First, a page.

A new friend emailed me the other day, asking where I find time to blog on a consistent basis, and where I find time to read about and research the stuff I blog about.
I’d have to say the answer comes down to habit and discipline.
Like anything you want to make a priority in your life (from working out, to brushing your teeth, to mowing the lawn on Saturday mornings), you have to establish a habit of doing it to make it part of your regular routine. I’m at the point now where blogging has become a more conscious daily habit, which also helps me identify things I encounter throughout the day that are worth blogging about.
For example, I’m in the habit now of making notes, or leaving myself Jotts, of things I encounter – no matter how small – that are worth cogitating on and possibly blogging about later.
Perhaps most important, however, is discipline. We’re all incredibly busy people. The things we need to do in our daily lives – professional and personal – can easily overwhelm us. That’s why it’s so important to set aside time for the things you find the most valuable, that end up making the rest of what you do more manageable and more successful.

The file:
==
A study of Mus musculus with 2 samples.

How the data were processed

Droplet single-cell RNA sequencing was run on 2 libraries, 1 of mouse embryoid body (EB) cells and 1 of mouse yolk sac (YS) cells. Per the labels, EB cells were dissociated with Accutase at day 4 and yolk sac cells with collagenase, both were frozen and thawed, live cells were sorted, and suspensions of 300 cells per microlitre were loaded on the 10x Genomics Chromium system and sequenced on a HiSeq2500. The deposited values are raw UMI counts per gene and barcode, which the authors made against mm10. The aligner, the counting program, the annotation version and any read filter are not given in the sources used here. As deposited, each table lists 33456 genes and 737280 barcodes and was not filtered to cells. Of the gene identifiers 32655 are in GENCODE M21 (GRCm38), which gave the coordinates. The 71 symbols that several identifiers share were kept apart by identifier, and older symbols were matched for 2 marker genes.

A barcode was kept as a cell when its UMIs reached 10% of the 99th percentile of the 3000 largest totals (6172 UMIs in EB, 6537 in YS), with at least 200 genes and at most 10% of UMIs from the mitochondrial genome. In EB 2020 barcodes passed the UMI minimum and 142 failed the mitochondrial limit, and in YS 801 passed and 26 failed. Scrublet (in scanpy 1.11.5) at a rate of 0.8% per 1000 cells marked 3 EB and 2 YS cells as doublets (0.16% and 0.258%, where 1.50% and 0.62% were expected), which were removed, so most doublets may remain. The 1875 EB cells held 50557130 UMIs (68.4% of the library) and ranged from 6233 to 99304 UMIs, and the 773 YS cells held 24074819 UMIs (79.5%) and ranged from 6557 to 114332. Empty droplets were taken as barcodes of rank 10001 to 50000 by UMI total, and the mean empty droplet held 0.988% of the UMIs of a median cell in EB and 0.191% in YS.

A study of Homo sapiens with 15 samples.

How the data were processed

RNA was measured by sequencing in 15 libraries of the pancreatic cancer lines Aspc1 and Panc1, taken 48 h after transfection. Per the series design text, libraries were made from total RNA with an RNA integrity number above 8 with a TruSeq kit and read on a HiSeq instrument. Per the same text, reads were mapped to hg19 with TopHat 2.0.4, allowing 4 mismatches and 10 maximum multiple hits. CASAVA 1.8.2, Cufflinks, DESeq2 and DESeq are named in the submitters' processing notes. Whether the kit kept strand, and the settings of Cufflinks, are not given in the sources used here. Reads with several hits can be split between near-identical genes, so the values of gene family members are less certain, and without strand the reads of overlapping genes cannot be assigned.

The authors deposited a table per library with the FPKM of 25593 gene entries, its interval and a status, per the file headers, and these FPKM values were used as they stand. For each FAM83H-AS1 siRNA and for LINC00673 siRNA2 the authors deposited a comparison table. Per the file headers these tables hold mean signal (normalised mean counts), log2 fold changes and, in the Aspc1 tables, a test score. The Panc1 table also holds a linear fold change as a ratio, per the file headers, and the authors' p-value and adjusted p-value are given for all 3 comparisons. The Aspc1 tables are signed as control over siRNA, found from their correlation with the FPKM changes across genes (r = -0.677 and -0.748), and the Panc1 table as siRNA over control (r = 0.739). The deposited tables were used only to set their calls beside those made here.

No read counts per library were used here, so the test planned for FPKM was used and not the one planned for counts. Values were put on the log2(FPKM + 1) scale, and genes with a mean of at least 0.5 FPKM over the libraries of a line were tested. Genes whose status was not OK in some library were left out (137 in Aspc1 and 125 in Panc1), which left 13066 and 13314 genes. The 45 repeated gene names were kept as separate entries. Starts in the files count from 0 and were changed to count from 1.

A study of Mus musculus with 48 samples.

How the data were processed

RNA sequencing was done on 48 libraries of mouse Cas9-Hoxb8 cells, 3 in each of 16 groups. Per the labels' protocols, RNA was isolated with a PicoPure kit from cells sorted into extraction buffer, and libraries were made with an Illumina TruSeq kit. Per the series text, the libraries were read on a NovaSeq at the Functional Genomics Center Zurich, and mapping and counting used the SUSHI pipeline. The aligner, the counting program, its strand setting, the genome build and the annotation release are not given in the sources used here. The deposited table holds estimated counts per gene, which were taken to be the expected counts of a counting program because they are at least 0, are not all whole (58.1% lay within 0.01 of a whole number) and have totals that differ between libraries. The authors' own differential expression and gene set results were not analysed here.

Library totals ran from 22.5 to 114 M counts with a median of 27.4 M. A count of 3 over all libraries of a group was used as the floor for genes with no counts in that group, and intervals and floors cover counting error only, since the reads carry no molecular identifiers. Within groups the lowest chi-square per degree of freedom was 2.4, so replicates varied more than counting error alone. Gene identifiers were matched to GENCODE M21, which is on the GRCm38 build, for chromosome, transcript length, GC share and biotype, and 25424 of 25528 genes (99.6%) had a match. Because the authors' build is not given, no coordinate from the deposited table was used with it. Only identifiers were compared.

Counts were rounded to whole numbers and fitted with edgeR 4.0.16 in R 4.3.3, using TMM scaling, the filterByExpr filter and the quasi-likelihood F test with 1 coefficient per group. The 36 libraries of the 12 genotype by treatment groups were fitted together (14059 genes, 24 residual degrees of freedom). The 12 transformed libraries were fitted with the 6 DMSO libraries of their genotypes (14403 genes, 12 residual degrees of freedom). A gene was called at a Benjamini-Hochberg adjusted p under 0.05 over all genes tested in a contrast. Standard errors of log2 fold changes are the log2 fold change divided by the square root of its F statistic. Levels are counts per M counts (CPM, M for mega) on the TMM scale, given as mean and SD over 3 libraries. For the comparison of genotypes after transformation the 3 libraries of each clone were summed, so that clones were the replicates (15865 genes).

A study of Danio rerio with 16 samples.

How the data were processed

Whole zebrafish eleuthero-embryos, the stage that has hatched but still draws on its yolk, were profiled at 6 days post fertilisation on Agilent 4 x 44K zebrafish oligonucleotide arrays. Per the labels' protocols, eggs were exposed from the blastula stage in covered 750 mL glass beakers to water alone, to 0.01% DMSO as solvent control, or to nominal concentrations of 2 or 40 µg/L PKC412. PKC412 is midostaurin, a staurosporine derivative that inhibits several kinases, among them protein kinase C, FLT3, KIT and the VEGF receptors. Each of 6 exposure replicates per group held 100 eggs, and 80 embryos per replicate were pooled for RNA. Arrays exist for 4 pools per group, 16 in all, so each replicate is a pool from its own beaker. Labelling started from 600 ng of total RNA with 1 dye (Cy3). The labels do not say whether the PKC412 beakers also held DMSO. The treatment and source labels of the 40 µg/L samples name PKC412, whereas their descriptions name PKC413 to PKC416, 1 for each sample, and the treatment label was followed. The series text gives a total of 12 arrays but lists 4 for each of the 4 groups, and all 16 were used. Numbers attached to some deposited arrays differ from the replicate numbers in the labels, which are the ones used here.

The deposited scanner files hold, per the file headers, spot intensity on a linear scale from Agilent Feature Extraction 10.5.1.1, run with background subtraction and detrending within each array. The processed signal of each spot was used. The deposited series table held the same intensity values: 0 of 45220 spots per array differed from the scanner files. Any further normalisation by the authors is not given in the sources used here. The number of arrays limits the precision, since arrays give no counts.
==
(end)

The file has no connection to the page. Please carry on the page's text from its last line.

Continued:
For me, I now set aside at least an hour each day for reading and writing. I take that time to read through my various RSS feeds, flip through a few magazines, and sometimes just randomly browse the Web for things new & interesting. I also take some of that time to write reflections on what I read. Sometimes those reflections end up as nothing more than “FYI” emails to friends & colleagues. Sometimes they end up here.
I occasionally hear from folks who say they’re just too busy to do any reading, let alone writing. The email newsletter subscriptions pile up, RSS feeds go unread. I hear this more frequently from folks who are early in their careers.
The feeling of being “too busy” never goes away – no matter how long you’ve been doing it, how old you are, or what you do for a living. You need to consciously make time for the things that are important to you.
For me, that includes taking time each day to see what others are thinking, discover new ideas and fresh perspectives, and then occasionally ruminate on those ideas for myself (and indirectly for others) in formats such as this.
I find it personally and professionally profitable. I think you will too.